Governor Nasir El-Rufai of Kaduna state has said that the reality that is facing the country at the moment has clearly shown that the only way to finance the running of government and provide social services is through taxation.
The governor who made this point known at the 23rd Annual Tax Conference of the Chartered Institute of Taxation, also raised issues that need to be resolved for efficient tax collection in Nigeria.
‘’So, we have got to a point in this country, whether we like it or not, due to the continuous subsidy of petroleum products, most of which leaks to neigbhouring countries, NNPC cannot contribute anything significantly to the federation account.
‘’We are therefore having to come back to the truth, which is the only way to finance the running of government and provide social services is through taxation’’, he argued.
The governor lamented that ‘’Nigeria’s Tax to GDP ratio is something in the region of 6%:7%; one of the lowest in the world and it is a national disgrace, compared to countries that collect up to 20% of GDP.
‘’In Kaduna state with a Gross Domestic Product of about N2 trillion, we should be collecting about N400 billion per annum as taxation. Unfortunately last year, we collected slightly above N50 billion, 1/8th of what we should be collecting. That means that there is a lot of work to do,’’ he revealed.
El-Rufai pointed out that the situation in Kaduna state is similar for the rest of the country, adding that in fact, most states are much worse.
The governor tasked the institute of taxation to help to resolve the issues of rapid deterioration of oil revenues that is facing the country because ‘’oil revenues are not sustainable; the use of oil itself as fuel is something that is on its way out.’’
According to him, ‘’most countries are planning for a green economy in which oil will not be used at all; electric cars will be the norm. Industries will convert to solar and renewals.
‘’So, we must begin to move away from oil. Oil is neither answer nor the question that will solve our problems. The real solution to our problems is better and efficient taxation of goods and services,’’ he counselled.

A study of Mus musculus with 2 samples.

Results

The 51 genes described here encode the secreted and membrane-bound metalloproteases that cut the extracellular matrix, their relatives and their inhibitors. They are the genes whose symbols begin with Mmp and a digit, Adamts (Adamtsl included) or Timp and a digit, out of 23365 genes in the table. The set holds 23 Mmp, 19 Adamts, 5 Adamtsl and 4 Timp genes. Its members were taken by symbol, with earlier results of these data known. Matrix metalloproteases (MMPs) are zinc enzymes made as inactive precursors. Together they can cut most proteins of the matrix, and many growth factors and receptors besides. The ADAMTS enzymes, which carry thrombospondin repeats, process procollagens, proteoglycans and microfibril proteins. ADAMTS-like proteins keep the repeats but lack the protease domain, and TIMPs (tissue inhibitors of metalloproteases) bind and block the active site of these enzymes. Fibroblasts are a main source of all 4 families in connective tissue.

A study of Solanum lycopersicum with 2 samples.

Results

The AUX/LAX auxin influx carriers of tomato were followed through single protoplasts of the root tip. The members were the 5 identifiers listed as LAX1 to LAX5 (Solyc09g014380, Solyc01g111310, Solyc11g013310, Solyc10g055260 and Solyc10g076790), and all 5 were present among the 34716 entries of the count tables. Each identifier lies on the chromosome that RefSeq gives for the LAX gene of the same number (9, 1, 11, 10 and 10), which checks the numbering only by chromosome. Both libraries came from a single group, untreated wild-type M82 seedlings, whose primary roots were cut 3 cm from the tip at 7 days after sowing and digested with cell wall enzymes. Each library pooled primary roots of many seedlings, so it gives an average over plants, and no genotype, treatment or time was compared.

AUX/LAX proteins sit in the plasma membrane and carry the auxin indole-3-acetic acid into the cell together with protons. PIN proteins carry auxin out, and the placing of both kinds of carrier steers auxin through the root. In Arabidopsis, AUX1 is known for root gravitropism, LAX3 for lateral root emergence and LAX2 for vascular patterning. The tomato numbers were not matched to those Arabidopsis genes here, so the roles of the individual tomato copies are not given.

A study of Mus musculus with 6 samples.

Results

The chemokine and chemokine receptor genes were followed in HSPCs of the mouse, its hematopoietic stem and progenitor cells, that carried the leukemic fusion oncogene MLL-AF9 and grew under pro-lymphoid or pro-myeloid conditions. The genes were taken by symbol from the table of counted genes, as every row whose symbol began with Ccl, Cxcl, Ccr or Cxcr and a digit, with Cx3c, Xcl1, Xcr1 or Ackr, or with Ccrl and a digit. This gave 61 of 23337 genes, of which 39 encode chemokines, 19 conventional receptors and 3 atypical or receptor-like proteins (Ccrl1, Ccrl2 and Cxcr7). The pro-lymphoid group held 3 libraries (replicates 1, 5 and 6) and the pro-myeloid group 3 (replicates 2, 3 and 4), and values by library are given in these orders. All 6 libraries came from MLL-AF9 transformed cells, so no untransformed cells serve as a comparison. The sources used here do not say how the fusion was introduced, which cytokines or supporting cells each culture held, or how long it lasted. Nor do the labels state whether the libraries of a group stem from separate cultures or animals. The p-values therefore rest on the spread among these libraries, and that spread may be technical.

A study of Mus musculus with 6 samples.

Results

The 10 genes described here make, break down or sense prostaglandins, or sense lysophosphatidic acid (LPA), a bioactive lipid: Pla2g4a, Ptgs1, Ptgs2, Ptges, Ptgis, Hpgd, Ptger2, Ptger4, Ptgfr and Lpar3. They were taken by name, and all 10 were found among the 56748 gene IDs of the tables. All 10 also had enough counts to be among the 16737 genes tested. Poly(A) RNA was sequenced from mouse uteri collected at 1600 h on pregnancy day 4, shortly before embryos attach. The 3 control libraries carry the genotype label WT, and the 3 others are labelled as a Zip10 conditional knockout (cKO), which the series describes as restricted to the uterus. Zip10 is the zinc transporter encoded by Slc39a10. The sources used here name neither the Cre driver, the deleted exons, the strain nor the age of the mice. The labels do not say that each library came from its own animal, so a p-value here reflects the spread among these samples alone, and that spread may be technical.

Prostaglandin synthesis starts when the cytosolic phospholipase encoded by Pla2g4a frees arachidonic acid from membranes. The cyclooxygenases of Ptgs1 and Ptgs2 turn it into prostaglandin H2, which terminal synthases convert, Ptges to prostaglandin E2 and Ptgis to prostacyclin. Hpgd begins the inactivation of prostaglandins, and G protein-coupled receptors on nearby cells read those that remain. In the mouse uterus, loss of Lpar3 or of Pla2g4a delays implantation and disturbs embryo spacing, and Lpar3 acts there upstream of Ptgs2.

El-Rufai said that ‘’in the light of the fact that 75% of Nigeria’s economy is informal, how do we scale up the taxation of the informal sector? I think some progress has been made with Presumptive Taxation, but it is not enough.’’
‘’Agriculture accounts for a large proportion of our GDP. Here in Kaduna state, like any state in the federation, agriculture is the largest employer of labour and the largest contributor to GDP’’.
‘’But it is incapable of being taxed at the farm gate. How do we tax agricultural production at the farm gate, not at the valued-added and processing stage, so that we will be able to widen and broaden our tax net as well as proceeds?’’, he asked.
According to the governor, ‘’the big elephant in the room is how do we tax these global tech companies, that make a lot of money in our country without being physically present here, for you to even tax them?”
The governor also asked how the nation can ‘’scale up Tax Identification records so that we capture every adult in Nigeria for the purposes of taxation.’’
According to him, Kaduna state has ‘’a Development Levy of N1,000 that is supposed to be paid by every adult. We believe that this nominal payment will make people to ask government to account for their tax revenues.’’
‘’Today, what governments do in Nigeria is to collect proceeds from oil revenues and that has led to a sleepy citizenry that does not ask questions about what we do as governments with the tax payers’ money,’’ he noted.
El-Rufai advocated for the bringing together of all the data that are being collated, ranging from Tax Identification Number, Bank Verification Number and National Identification Number to form a single database.